The CMS on Monday released a new tool that tells the public how Medicaid agencies are performing based on the healthcare outcomes of their beneficiaries.
The scorecards will judge state Medicaid agencies on metrics including well-child visit rates, follow-ups after a mental illness hospitalization, children's preventive dental services and immunization.
"The scorecard will be used to track and display progress being made throughout and across the Medicaid and CHIP programs, so others can learn from the successes of high-performing states," CMS Administrator Seema Verma said. "By using meaningful data and fostering transparency, we will see the development of best practices that lead to positive health outcomes for our most vulnerable populations."
State rankings stem from core measures data that states voluntarily report to Medicaid and CHIP each year. But that doesn't mean the public will be able to compare states' performance directly, as they use varying reporting methods and may not use the same measures. Some states have access to different data on populations covered under fee-for-service as compared to populations covered under managed care.
Nevertheless, the CMS hopes the scorecards will draw attention to how states are performing and encourage them to report on more measures in the future. It is also possible that the CMS could one day require all states to report on a core set of measures, Verma said.
States won't be penalized for low performance on the metrics, but Verma said that could change in the future. The CMS and congressional lawmakers are discussing legislation to give the CMS additional enforcement flexibility over states with poor outcome measures, she said.
Verma did not provide details on what potential punitive actions the agency is seeking.
The agency will consider adding additional measures to the Medicaid scorecard in the future. One under consideration would track how many Medicaid enrollees are working or are in job training. States would report on the measure whether or not they have a work requirement waiver, Verma said.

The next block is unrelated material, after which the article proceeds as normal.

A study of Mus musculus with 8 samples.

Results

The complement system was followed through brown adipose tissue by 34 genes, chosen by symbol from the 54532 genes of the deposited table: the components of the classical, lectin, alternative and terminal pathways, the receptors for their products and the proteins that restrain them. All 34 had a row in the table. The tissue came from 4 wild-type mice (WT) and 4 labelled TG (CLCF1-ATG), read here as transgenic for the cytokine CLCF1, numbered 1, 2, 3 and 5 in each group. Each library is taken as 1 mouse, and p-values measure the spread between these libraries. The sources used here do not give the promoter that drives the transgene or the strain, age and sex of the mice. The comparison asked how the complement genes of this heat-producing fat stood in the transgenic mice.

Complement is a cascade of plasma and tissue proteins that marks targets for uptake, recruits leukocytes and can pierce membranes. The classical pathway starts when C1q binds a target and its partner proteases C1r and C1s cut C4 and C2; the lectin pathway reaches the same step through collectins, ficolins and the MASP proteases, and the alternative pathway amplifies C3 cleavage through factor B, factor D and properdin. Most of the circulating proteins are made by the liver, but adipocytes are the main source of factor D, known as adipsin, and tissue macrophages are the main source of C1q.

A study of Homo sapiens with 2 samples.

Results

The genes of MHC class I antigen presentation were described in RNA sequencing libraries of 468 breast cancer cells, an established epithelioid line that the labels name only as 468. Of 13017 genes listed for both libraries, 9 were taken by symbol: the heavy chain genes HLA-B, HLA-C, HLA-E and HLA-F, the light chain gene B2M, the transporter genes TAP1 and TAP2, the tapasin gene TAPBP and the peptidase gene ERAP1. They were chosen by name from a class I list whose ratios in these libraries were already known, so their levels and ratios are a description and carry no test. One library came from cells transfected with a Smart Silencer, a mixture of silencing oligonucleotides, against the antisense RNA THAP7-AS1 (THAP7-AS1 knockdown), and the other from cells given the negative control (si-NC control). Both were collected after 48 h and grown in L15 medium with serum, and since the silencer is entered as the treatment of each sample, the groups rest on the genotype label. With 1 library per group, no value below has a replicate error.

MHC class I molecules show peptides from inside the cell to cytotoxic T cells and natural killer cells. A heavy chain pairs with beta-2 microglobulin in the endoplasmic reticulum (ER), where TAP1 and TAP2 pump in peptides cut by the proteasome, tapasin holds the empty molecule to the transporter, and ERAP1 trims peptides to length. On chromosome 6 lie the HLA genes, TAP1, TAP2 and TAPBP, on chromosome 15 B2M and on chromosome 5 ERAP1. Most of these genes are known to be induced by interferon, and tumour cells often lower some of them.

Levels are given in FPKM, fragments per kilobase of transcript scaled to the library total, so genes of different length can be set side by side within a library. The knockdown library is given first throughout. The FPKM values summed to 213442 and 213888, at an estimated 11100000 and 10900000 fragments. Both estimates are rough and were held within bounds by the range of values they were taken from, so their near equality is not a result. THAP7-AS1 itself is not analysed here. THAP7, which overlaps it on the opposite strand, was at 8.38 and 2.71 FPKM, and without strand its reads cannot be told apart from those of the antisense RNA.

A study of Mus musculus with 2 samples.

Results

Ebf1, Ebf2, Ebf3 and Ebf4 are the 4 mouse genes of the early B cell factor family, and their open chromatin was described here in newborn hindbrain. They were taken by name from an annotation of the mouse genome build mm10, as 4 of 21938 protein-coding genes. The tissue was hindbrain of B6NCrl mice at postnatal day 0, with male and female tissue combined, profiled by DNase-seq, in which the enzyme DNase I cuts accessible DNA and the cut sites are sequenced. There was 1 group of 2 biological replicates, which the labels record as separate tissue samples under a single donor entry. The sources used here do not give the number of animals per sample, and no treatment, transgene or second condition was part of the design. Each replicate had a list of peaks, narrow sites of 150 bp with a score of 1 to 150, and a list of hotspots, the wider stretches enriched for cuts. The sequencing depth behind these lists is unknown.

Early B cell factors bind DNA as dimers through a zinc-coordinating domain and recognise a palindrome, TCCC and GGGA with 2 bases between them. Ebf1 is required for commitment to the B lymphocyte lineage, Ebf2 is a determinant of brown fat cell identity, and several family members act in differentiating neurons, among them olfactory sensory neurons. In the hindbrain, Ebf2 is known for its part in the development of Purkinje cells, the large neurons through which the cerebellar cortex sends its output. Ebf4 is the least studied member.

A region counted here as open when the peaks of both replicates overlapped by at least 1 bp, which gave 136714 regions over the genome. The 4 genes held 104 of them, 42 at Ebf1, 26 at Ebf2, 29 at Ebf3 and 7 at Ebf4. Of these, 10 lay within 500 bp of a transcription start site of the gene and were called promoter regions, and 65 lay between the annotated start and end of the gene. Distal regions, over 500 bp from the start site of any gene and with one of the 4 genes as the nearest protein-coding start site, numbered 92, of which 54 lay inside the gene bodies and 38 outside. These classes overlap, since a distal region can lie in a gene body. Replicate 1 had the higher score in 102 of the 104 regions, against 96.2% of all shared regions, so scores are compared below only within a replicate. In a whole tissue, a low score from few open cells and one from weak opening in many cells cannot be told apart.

But the scorecards have left some stakeholders concerned. The National Association of Medicaid Directors said the metrics may not be comparable between states because each one chooses which measures to use.
"Conclusions may be drawn when making comparisons across states with significantly different structures and care delivery approaches," the group said in a statement.
The association urged the CMS to use an accurate and comparable data set in future iterations of the scorecards, noting the underlying data have significant methodological issues, such as completeness, timeliness and data quality. Most of the data comes from 2015, the last year for which adequate data was available.
Also, in some cases, data reflect a state's beneficiaries in fee-for-service or managed care, but not necessarily beneficiaries in both delivery models. This can result in relatively healthy populations being compared with those with disabilities or complex conditions, it said.
The CMS will also score itself on the time it takes to review submitted rates for Medicaid plans, 1115 waiver applications and state plan amendments.
"I think it's pretty historic to put up processing times," Verma said. "There is a lot of criticism out there on that issue, and I think it's also important that we're holding ourselves accountable."